Last week WWEMA held its annual Finance & Contract Administration Council event in Indianapolis, Indiana, hosting 45 industry professionals who gathered to discuss best practices in negotiating and executing contract terms and conditions related to water and wastewater equipment sales, installation, operation, and service.
Throughout the one-and-a-half-day session, participants shared their real-world experiences, including their biggest challenges and frustrations as well as their solutions and successes.
One theme came through loud and clear: In today’s litigious society, the overriding goal of contract negotiations is risk management. Each party wants to avoid risk, so typically the owner—through the consulting engineer—tries to push the risk down to the contractor, who subsequently tries to push the risk down to the manufacturer.
The ideal, of course, is for each party to accept a fair, equitable amount of risk. Unfortunately, in today’s highly competitive sales environment, manufacturers are oftentimes reluctant to negotiate for a fair and equitable risk equation. They want to close the deal, so they are tempted to accept harmful indemnity clauses, agree to unreasonable limitations on liability, or make performance guarantees that go above and beyond the capabilities of their equipment. Doing so is unwise at best and catastrophic for their businesses at worst.
One of our speakers, Todd Larson, an associate vice president for Black & Veatch, commented that he and his colleagues hold many of these same types of discussions. As design-build solution providers, they are “middle men” and sometimes face even tougher decisions when it comes to accepting risk.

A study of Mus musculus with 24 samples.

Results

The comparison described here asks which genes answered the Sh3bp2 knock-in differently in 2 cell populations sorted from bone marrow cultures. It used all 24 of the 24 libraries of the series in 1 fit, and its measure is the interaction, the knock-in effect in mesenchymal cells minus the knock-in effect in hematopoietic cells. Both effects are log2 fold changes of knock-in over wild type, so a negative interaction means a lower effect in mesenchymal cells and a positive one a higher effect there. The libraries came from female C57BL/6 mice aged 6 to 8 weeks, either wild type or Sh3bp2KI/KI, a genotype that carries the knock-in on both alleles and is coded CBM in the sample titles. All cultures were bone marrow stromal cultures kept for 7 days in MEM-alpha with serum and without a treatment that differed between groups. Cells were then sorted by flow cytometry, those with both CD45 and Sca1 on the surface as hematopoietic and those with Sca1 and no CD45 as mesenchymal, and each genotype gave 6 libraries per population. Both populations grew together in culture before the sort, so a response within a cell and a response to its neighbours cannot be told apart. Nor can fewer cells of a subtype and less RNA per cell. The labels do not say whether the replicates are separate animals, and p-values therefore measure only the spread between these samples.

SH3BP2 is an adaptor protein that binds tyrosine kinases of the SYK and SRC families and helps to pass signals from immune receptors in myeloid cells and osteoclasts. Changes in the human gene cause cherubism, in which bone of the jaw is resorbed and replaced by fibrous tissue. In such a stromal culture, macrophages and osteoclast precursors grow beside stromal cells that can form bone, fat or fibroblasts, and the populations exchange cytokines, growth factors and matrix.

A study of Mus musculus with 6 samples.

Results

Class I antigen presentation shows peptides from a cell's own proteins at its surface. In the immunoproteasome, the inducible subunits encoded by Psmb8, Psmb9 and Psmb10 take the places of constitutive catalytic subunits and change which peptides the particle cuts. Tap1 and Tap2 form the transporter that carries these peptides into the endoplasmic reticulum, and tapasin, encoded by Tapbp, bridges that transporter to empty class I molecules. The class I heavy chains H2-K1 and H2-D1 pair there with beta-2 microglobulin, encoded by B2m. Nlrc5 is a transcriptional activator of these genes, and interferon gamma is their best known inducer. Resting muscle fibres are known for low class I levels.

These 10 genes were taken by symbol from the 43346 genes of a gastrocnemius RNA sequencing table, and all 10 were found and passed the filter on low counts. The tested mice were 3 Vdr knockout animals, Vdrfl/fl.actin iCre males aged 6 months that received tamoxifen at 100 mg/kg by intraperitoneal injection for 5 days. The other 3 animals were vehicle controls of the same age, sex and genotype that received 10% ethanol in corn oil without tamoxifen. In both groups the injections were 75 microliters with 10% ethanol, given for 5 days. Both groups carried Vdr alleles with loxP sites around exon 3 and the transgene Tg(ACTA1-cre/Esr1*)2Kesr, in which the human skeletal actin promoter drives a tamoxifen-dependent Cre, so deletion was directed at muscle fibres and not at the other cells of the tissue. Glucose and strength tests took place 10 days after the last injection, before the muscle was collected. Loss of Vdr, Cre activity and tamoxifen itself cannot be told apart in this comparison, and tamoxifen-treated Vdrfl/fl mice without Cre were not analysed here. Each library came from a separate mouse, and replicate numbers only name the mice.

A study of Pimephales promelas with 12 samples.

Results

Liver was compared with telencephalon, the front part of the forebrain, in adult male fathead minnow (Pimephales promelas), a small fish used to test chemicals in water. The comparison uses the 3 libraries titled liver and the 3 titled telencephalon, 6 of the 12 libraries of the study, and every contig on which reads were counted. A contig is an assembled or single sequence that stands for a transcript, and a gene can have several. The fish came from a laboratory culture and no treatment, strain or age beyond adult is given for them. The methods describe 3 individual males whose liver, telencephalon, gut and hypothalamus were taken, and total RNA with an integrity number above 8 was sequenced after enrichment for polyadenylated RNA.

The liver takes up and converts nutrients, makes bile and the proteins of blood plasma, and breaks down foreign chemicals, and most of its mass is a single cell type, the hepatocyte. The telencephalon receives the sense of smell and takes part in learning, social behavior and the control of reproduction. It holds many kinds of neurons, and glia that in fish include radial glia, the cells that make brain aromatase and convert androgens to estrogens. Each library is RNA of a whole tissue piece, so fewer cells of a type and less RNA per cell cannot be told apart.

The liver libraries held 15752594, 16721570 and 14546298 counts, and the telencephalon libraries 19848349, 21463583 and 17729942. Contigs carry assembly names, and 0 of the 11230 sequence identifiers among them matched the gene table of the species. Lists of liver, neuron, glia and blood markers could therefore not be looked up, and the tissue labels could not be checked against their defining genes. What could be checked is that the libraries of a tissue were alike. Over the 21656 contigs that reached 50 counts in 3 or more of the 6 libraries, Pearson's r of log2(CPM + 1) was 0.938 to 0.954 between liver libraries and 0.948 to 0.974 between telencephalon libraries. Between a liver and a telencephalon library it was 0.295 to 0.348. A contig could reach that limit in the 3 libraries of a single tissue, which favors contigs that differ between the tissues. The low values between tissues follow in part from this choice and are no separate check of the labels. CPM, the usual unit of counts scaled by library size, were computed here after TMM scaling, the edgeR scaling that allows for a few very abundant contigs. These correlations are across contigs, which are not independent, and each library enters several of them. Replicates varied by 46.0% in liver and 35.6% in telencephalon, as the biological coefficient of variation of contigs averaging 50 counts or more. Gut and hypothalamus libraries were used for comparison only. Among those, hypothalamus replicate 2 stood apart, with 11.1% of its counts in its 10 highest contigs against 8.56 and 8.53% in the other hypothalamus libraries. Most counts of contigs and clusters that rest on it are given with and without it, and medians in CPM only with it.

Though I am sure the attorneys appreciate all of this wrangling and uncertainty when it comes to contract negotiations and execution, I would argue that we as an industry should be moving toward adopting standardized contracts and language that has been mutually agreed upon. The savings in time and money; the resulting fair, equitable contracts; and the potentially improved business relationships could mean a win-win, for the owner, the engineer, the contractor, the equipment manufacturer, and ultimately, the general public.
The good news is, much of the groundwork for such standardization is already done. Through ConsensusDocs, a coalition of 39 associations in the design and construction industries (including WWEMA) have worked together to develop and promote standard construction documents. WWEMA members who have participated in projects that used ConsensusDocs documents report that it was a positive experience. One owner stated that by using ConsensusDocs, his project was free of disputes. I encourage owners, engineers, contractors and equipment manufacturers to take advantage of this resource. Visit www.consensusdocs.org for details.
Dawn Kristof Champney is president of the Water and Wastewater Equipment Manufacturers Assn., a Washington, D.C.-based trade organization that has represented the interests of manufacturers serving the water supply and wastewater treatment industry since 1908. Kristof Champney can be reached at email@example.com.